Posicionarnos Social Media Facebook has removed 4 Infowars pages — but not because of fake news – TechCrunch

Facebook has removed 4 Infowars pages — but not because of fake news – TechCrunch


There’s yet more Alex Jones/Infowars news. Facebook yanked four of the conspiracy theorist’s videos from its platform last week, and now it has finally taken more stringent action after it removed four Infowars pages from the social network entirely.

Over the weekend Spotify, Stitcher and Apple all removed Infowars audio content from their platforms days after YouTube and then Facebook pulled four videos that were found to violate community standards.

A refresher for those who need it: Infowars has broadcast a range of conspiracy theories which have included claims 9/11 was an inside job and alternate theories to the San Bernardino shootings, while it has encouraged harassment of families of victims of the Sandy Hook shooting among other things

Yet despite much attention on the organization and its use of social media, Facebook’s efforts to handle Infowars have been confusing.

One of the four videos it removed had actually been cleared following a complaint a month ago, while the video purge saw Facebook hand a 30-day ban to Jones’ personal account but the Infowars page — where the content was posted — was able to continue on as normal. That was down to the Facebook system of warnings/accumulated warnings for content violations and nothing to do with peddling fake news. That’s apparently ok.

Indeed, the four Infowars pages that have been “unpublished” — the Alex Jones Channel Page, the Alex Jones Page, the InfoWars Page and the Infowars Nightly News Page — were punished for “repeated violations of Community Standards and accumulating too many strikes” after more videos and content were reported to Facebook by users of the social network.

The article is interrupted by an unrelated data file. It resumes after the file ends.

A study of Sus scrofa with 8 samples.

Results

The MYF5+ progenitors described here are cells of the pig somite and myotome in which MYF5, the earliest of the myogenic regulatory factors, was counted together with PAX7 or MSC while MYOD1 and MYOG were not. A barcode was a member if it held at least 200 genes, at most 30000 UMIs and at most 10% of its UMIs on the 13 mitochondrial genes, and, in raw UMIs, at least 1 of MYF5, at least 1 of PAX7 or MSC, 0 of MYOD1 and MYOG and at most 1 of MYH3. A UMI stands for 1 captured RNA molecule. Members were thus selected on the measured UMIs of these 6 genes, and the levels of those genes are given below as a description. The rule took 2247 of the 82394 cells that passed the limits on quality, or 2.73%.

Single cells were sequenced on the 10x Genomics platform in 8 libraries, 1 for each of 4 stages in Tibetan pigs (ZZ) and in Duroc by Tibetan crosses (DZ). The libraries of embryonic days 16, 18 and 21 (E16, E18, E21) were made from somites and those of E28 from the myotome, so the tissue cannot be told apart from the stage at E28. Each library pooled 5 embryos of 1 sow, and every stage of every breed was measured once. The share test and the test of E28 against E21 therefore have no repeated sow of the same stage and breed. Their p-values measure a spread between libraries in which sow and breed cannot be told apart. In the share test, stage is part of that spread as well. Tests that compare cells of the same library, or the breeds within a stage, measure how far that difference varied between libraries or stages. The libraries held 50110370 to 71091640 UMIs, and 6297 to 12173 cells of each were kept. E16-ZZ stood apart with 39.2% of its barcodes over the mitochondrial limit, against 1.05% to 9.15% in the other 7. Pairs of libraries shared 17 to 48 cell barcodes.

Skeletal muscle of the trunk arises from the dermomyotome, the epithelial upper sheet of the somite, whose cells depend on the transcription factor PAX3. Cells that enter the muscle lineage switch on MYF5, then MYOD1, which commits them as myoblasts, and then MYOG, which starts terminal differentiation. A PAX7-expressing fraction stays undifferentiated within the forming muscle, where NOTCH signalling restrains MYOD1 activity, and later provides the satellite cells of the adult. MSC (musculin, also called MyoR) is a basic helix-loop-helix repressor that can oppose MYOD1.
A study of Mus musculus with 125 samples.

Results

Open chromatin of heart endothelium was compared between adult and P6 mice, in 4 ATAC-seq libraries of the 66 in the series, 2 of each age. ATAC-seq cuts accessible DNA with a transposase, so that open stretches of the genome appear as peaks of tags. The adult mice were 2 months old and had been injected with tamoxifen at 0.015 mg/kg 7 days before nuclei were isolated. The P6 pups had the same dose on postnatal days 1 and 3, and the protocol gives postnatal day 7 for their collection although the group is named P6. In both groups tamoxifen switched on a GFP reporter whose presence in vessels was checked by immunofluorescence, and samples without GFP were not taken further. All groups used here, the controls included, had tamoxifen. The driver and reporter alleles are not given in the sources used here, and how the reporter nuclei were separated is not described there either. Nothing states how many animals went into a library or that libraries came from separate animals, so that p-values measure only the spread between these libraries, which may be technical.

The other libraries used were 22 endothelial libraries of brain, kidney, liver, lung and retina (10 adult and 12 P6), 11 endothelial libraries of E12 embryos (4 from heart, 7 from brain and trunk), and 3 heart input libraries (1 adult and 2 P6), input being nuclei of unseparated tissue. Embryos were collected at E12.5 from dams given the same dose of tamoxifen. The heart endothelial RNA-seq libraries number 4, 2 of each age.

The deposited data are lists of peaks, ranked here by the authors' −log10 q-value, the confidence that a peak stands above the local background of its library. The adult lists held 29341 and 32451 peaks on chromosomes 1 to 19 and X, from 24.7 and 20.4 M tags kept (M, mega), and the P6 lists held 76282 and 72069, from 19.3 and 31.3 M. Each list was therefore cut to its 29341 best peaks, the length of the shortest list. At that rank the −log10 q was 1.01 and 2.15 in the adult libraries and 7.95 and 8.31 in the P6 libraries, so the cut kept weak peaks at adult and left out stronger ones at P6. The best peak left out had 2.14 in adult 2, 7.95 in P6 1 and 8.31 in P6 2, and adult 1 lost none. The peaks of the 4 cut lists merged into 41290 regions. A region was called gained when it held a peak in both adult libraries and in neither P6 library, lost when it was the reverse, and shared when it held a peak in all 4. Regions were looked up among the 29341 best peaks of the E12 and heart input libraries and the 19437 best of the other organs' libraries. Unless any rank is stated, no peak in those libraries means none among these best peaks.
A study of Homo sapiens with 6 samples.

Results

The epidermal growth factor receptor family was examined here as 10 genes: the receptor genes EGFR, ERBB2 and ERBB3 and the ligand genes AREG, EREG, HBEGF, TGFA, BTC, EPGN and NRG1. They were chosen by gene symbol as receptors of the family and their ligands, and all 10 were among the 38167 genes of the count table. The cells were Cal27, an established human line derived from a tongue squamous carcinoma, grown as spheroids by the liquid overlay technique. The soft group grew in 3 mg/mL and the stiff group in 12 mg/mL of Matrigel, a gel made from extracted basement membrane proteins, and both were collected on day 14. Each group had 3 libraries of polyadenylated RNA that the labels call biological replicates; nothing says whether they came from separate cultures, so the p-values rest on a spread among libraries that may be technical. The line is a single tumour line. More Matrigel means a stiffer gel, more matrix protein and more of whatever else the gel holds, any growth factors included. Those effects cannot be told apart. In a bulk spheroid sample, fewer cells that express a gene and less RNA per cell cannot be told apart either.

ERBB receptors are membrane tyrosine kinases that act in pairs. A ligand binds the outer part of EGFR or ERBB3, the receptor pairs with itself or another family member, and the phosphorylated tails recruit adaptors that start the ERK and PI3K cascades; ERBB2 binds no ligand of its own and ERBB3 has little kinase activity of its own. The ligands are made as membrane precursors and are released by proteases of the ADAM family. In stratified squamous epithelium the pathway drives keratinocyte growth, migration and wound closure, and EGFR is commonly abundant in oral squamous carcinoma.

“Upon review, we have taken [the pages] down for glorifying violence, which violates our graphic violence policy, and using dehumanizing language to describe people who are transgender, Muslims and immigrants, which violates our hate speech policies,” the company explained in an announcement.

Facebook didn’t provide details of exactly which videos violated its policies and how, but it did say explicitly that its action were not related to fake news.

“Much of the discussion around Infowars has been related to false news, which is a serious issue that we are working to address by demoting links marked wrong by fact checkers and suggesting additional content, none of the violations that spurred today’s removals were related to this,” it said in a statement.

Facebook has opted to remain news-neutral, in the sense that only issues warnings based on community standards.

That’s a controversial stance — it is instead pursuing a policy of fact-checking information and letting users make their own mind — but irrespective of whether you agree with that approach, its actions over the past week are problematic because they don’t scale. They rely squarely on the community flagging content in the first instance.

It isn’t clear why Facebook wasn’t able to conduct a more thorough analysis of these Infowars pages last week, when the initial complaints first rolled in. You’d imagine that there’s been enough interest in the topic to warrant a proactive investigation.

Instead, it has taken another week and more reporting of content from users to reach the inevitable conclusion that Infowars has more than just four offensive videos (!) and therefore its pages should be removed(!).

Facebook has chosen to police content based on community guidelines and not the accuracy of information, but the fact it takes so long to take action on the most obvious bad actors doesn’t bode well for finding other, less obvious pages lurking out there that also fall foul of its standards.

Based on that system, it will always be playing catch up. Given the damage that false information can have across its services — from swaying elections to encouraging lynchings, religious violence and more — that simply isn’t good enough.

This content was originally published here.